The Constitution states that when federal and state law conflict, federal law controls. This concept, called preemption, is a simple idea but very hard to apply. A recent federal case from California discusses its application to packaged sunflower seeds.
The “David” brand of sunflower seeds are sold in the shell, but the shells are coated with salt and other flavorings; including ranch and nacho. The package instructs consumers to put the seeds in their mouths, crack the shells with their teeth, swallow the kernels, and spit out the shells.
The manufacturer’s nutrition information statement on the package listed only the nutritional content of the kernels, not the coatings or the shells. A consumer filed a class action, arguing that because the shell coatings would be ingested during the process of cracking the shells, California’s consumer protection laws required an accurate statement of the nutritional content of the coatings. The manufacturer argued that federal nutritional labeling laws preempted the state laws. The trial court ruled for the manufacturer and dismissed the case, but the Court of Appeals reversed and sent the case back to the trial court.
The federal law in question prohibits states from enacting labeling requirements that “are not identical” to the federal requirement. An FDA regulation interprets “not identiccal” to mean that the states may not impose new or substantially different nutritional labetling requirements than the federal requirements.
The first question the court considered was exactly what federal law requires in a nutritional label. There are three significant regulations. One requires all items intended for consumption to be considered in the nutritional label. The second identifies sodium as a nutrient to be included. The third excludes shells and other inedible components from the calculation. The manufacturer argued that the shells were to be discarded and therefore not to be counted. The court ruled, however, that the flavored coatings were intended to be consumed, and had to be counted regardless of whether they were applied to shells or kernels.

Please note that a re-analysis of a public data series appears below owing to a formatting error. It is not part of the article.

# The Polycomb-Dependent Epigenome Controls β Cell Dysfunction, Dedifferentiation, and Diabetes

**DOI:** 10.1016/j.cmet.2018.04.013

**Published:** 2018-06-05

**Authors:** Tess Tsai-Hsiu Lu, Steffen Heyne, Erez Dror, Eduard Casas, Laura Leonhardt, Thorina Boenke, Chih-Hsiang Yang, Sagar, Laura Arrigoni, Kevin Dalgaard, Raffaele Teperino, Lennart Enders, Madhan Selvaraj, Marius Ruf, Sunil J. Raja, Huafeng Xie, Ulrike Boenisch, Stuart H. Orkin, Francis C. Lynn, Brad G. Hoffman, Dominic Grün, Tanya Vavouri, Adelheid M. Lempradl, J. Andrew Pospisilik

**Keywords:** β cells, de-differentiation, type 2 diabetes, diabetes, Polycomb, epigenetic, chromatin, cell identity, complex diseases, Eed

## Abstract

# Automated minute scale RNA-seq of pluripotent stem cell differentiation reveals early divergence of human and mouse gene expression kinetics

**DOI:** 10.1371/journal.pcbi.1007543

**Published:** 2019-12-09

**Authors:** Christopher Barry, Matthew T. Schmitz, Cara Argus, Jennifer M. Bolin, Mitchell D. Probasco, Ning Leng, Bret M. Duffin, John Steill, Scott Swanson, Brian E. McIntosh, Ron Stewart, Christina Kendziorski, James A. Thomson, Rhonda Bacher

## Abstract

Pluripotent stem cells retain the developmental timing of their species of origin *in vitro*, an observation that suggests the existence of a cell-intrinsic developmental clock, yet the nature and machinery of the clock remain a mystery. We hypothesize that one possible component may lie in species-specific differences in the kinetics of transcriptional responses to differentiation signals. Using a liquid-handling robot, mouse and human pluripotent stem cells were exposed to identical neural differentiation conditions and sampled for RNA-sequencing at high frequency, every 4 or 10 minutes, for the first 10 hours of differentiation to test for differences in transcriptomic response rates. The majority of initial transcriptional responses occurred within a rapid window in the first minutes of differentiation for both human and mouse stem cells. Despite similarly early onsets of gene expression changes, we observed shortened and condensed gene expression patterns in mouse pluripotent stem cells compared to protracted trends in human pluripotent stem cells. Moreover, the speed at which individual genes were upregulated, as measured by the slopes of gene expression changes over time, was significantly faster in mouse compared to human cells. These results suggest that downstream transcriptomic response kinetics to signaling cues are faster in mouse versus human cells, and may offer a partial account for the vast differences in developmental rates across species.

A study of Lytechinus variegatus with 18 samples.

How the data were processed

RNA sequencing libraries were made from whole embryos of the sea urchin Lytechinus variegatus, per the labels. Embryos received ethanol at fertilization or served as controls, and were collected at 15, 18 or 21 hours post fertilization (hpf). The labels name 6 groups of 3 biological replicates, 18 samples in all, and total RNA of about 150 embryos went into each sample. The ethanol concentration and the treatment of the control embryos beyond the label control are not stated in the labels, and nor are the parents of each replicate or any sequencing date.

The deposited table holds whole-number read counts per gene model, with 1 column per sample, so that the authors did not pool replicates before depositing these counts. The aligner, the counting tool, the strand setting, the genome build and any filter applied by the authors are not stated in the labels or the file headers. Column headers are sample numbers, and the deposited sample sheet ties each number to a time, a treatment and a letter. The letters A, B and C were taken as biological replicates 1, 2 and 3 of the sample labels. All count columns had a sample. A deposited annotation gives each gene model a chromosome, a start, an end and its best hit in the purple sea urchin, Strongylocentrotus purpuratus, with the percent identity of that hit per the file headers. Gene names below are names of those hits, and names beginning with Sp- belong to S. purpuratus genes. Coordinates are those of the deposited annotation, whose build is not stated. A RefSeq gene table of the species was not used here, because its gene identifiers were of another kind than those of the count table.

With this interpretation of the federal law, the court ruled that the plaintiff was arguing for the same requirement under state law. As a result, the state laws were ruled not to have been preempted.
A case such as this one, where the federal law says when a state may or may not enact laws that may or may not conflict with federal law, is the simplest situation in which the preemption concept applies. More difficult are identifying when state and federal laws are so in conflict that they both cannot be enforced, or when the federal law is so comprehensive that an entire issue is completely foreclosed to state regulation.
Preemption shows up in a broad variety of contexts, and it’s sometimes hard to decide when the federal law controls. It’s also sometimes hard to predict when there may even be a federal law that raises an issue. If you think you’re dealing with an issue that looks like it’s treated uniformly from state to state, then there’s a reasonable chance there will be a federal law to look into. If you have questions for a lawyer, and you think there may be a federal law question, ask about it.